Fitness training on gymnastic rings
The dip has long been a staple compound exercise in many athletesí routines. Itís great for working the triceps, chest and shoulder muscles in one manoeuvre, not working any one muscle group in isolation.
The ring dip exercise is the standard dip, performed on gymnastics rings. The determination and strength it takes to overcome the instability of the rings takes this exercise to another level. It feels like every upper body muscle is called into play to help stabilise and control the movement and we found that using the rings to perform dips really hit our lats and chest.
To perform the ring dip you should set the rings to a height where your feet will not touch the ground between repetitions. Assume the support position, where you suspend your body above the rings with your arms straight. Now lower your body down by bending at the elbows and by keeping your shoulders close to your sides. Keep the movement steady and controlled, you should try to achieve a full range of motion by taking your shoulders down until they almost touch your hands. Once at the bottom of the move simply push your body back up to the starting position.
Progressing with the Ring Dip
By performing full range of motion on the dip and taking the move as low as you can go you will find this will greatly help you to develop the shoulder strength and flexibility to perform a muscle-up.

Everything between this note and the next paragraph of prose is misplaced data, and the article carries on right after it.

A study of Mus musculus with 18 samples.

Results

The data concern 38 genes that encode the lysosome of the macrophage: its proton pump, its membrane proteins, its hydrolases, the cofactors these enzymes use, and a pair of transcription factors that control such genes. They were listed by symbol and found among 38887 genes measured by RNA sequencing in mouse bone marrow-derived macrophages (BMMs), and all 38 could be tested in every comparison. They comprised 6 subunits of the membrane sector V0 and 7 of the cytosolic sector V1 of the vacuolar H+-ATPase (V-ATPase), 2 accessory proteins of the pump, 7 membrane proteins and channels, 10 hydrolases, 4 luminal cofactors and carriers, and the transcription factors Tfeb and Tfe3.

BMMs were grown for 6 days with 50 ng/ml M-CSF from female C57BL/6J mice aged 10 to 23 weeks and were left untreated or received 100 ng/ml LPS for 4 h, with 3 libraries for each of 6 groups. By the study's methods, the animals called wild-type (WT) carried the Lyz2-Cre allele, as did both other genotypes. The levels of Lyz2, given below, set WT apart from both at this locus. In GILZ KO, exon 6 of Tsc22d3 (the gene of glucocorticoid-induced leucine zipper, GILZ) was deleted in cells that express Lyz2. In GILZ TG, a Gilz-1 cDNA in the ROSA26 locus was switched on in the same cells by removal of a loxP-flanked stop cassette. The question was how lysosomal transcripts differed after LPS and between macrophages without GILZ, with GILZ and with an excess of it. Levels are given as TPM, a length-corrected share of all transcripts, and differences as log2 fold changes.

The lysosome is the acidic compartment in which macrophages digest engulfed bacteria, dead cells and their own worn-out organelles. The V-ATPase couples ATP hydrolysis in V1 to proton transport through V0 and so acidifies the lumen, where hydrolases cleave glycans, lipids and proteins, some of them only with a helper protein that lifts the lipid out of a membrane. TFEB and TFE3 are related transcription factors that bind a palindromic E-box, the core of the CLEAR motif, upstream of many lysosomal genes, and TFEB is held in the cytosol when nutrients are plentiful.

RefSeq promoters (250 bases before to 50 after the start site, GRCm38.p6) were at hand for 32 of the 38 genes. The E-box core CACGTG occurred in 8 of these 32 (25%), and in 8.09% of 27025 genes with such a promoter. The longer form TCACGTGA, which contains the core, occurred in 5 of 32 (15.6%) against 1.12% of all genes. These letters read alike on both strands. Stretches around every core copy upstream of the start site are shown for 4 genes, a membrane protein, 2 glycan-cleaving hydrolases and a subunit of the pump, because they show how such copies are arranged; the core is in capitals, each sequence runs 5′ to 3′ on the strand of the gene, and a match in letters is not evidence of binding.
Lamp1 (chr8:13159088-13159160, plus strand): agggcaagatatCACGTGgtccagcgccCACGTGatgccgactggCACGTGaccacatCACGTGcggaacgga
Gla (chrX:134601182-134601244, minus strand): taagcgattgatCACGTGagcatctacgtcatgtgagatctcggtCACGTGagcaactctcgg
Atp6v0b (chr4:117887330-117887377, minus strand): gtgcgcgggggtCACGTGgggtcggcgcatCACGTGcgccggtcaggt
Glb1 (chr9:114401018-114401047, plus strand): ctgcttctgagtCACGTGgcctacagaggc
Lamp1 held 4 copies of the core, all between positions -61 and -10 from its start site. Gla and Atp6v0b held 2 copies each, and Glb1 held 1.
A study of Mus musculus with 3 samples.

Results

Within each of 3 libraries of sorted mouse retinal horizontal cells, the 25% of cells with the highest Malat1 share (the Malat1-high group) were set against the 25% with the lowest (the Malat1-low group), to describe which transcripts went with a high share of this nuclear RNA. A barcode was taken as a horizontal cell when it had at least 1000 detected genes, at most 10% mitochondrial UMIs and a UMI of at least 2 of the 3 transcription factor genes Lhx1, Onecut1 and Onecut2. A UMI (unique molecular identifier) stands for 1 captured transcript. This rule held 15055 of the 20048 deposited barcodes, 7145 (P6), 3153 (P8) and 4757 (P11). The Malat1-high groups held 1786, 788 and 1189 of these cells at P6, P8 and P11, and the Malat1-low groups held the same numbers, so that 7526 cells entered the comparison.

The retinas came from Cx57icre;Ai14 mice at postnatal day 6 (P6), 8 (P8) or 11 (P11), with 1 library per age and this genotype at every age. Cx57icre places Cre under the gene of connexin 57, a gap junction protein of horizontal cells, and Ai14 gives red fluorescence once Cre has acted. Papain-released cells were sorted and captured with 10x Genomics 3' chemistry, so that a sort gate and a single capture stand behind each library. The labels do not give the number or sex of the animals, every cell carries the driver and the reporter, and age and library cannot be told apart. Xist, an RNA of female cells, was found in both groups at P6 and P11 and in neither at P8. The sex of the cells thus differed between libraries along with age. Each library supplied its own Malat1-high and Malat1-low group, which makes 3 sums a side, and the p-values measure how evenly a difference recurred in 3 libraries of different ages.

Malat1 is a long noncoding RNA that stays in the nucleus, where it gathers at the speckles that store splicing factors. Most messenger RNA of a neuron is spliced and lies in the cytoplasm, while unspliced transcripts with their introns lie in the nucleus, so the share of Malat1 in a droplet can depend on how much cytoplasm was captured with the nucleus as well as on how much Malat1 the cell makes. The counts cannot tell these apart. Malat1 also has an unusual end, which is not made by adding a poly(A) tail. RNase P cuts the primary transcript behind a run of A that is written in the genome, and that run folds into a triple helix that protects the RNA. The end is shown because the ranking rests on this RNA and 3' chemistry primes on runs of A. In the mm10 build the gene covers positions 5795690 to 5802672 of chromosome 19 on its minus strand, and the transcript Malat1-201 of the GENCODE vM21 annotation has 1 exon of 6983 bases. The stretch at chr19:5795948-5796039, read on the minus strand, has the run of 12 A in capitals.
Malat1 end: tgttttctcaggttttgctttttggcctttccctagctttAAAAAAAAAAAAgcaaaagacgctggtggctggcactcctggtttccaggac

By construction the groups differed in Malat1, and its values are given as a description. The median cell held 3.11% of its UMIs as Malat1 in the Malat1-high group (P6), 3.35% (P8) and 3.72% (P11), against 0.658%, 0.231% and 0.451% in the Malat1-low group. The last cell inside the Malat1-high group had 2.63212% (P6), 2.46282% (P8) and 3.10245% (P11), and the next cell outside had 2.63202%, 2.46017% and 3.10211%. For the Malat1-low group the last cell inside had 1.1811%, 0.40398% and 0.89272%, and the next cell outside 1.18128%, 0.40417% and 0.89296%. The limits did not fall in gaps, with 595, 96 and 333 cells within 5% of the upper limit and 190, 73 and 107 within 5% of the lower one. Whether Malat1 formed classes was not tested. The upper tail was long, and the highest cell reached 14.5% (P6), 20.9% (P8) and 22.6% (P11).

Another variation on the standard ring dip described above is the wide dip. This is carried out in the same way as the standard dip except the arms are moved out from the body to the sides. This will greatly increase the difficulty of the exercise but by mastering the wide ring dip and being able to perform it in a slow, controlled manner will stand you in good stead for progressing to the advanced iron cross exercise.
Finding it difficult?
If you are having difficulties in carrying out a full dip we recommend that you first master the support position. The ring support position is the beginning body position of the dip. You should be able to maintain the a support position and do partial dips, and gradually increase the range of motion as you get stronger until you can perform full dips.